My friend Kim at BalanceJunkie.com recently wrote an article called “What Happens When the Glass is too Big?” Kim makes some great points but everything can be summed up with this paragraph “If the glass represents the overall economy as well as our standard of living, there’s a case to be made that it doesn’t matter whether the glass is half empty or half full. It’s just too big.
Our houses are too big. Our cars are too big. Our televisions are too big. Our wants are too big. We’ve grown the glass faster than we can afford to fill it.”
How much is enough?
At the end of her post, I made a comment that I think is worth elaborating on. The most common question I get as an advisor and a speaker on retirement is “How much is enough?” The question is really asking how much should I save, how much do I need to have or how much will I need to spend in retirement. Whatever the variation, I think there is a real problem with the question.
The problem is ‘enough’ never really comes because we just want more or bigger. I believe wanting more is not always a bad thing unless you take on too much debt trying to get more and bigger. Wanting more money, success, happiness, love or life can mean that you are motivated to improve and do better. You can’t fault people for improvement, can you?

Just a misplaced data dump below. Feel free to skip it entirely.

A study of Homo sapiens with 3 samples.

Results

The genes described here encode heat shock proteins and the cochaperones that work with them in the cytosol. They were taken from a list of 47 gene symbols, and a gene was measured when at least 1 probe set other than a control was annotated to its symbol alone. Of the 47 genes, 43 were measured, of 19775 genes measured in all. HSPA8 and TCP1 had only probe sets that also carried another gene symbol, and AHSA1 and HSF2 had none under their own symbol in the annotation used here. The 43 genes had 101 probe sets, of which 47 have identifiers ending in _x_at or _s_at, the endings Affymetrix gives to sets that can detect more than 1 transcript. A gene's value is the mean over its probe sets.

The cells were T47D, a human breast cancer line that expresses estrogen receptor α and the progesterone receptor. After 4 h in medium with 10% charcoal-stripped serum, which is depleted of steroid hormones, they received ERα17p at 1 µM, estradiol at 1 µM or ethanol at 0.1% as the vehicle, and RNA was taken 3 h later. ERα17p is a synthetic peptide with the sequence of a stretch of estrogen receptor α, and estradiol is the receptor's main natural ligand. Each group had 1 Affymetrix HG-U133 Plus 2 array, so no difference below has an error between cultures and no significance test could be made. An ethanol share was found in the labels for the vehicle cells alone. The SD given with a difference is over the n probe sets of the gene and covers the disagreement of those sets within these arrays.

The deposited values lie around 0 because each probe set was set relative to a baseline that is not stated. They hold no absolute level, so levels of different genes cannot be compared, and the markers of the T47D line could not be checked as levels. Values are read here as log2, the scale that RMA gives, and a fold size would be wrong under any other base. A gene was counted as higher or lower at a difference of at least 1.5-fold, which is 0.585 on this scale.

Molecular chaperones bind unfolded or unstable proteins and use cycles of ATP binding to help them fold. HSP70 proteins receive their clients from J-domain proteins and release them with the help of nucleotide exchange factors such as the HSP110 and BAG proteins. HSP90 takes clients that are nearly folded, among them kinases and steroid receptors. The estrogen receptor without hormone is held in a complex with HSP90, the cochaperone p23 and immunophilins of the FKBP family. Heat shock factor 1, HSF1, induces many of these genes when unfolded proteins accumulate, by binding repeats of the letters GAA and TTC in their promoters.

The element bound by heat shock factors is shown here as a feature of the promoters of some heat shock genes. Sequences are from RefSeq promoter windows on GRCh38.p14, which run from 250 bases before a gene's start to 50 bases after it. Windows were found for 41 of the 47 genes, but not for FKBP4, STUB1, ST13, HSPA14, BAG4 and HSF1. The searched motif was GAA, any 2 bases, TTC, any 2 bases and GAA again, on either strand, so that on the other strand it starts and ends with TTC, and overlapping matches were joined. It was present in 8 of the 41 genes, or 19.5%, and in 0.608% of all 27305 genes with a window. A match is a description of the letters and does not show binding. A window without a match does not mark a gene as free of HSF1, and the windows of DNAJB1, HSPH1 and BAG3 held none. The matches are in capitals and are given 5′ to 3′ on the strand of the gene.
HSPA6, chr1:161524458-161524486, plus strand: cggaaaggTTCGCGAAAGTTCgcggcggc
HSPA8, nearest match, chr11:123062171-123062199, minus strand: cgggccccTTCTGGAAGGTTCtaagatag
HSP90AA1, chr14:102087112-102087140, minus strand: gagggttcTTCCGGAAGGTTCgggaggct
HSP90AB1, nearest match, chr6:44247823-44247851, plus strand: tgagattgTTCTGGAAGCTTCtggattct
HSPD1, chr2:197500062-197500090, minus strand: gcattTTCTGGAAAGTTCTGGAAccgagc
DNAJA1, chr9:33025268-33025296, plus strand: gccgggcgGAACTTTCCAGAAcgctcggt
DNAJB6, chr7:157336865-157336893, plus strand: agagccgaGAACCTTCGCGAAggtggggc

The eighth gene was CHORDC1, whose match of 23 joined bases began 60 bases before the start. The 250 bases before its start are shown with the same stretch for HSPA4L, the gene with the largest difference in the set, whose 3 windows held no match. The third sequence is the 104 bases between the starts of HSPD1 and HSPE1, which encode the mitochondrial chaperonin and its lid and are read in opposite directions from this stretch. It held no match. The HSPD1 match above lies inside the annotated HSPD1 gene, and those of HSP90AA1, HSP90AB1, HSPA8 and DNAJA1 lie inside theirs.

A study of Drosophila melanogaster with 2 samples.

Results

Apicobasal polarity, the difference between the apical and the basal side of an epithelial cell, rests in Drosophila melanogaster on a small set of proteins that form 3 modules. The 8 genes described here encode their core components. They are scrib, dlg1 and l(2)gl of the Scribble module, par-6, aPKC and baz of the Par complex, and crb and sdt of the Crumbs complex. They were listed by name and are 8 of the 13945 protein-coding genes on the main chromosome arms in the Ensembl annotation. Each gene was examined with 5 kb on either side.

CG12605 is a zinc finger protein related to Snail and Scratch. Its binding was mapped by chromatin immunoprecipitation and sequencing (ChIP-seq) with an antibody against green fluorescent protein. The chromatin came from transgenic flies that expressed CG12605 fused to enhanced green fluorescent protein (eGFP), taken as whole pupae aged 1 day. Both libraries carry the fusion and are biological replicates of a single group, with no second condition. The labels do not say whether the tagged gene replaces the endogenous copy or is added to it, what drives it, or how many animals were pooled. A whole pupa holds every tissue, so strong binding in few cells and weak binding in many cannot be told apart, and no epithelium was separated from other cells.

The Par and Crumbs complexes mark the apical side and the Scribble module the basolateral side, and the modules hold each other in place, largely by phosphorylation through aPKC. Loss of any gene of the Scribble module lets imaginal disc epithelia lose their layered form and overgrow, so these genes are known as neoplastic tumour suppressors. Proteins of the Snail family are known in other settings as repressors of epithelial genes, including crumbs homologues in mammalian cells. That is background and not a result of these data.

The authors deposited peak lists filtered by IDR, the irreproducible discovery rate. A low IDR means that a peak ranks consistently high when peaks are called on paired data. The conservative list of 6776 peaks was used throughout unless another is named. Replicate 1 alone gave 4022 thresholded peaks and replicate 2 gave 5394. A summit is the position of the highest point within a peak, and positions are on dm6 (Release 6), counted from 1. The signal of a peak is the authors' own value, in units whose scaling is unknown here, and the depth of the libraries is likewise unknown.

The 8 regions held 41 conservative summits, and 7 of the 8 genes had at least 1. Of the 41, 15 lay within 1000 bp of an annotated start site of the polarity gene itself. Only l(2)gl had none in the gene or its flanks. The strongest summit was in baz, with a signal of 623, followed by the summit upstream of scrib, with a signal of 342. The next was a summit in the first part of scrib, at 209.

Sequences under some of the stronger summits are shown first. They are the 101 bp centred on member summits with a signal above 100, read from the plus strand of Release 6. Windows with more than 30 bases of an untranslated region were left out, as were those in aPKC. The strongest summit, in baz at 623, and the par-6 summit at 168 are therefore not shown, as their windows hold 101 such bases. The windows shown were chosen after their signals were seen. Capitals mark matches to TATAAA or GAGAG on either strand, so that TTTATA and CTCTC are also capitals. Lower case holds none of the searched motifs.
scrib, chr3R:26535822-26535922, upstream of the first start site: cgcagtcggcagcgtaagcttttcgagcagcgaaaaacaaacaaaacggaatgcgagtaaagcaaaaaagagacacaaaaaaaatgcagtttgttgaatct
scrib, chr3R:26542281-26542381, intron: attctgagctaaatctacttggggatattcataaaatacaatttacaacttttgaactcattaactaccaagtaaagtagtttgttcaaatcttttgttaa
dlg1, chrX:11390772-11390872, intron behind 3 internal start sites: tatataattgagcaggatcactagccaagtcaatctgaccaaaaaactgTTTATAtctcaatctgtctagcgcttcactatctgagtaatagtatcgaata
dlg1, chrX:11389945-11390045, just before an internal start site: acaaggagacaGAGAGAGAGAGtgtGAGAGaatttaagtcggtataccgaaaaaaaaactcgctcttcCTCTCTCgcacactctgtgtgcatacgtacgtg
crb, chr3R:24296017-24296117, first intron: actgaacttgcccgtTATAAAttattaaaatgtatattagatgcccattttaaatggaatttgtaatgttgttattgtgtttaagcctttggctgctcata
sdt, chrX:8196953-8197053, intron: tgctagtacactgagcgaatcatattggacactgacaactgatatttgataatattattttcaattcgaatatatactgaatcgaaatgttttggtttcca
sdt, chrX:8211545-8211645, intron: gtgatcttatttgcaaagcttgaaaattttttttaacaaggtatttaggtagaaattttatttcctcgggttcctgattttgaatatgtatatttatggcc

What is enough?
If you think about it, the better question is “What is enough?” This question is real because it is something most people deal with on a daily basis simply because money is finite. We do not have trees in our back yards growing unlimited amounts of money. Instead we have to make choices every day about what is more urgent and more important. For example, it might be that eating out means we can’t pay off the entire credit card bill. Or if we go on that family vacation, we can’t put money into the kids RESP.
Basic understanding of cashflow means you must live within your means. This can be pretty foreign to some people because of easier access to debt. Never has it been easier to live beyond our means.
If you really think about it, true success might come when you recognize that a smaller glass is actually better especially if you can’t drink too much wine or worse yet, don’t like wine.
The real ‘SECRET’ (if I can call it that) is to live within your means and also find comfort in recognizing when LESS IS MORE, SMALLER IS BETTER or ENOUGH is ENOUGH.
Jim is the author of 10 things I Wish Someone Told Me About Retirement. He also has a audio recording designed to help people RETIRE HAPPY. To learn more about Jim and how he can help you with retirement, visit his website www.JimYih.com.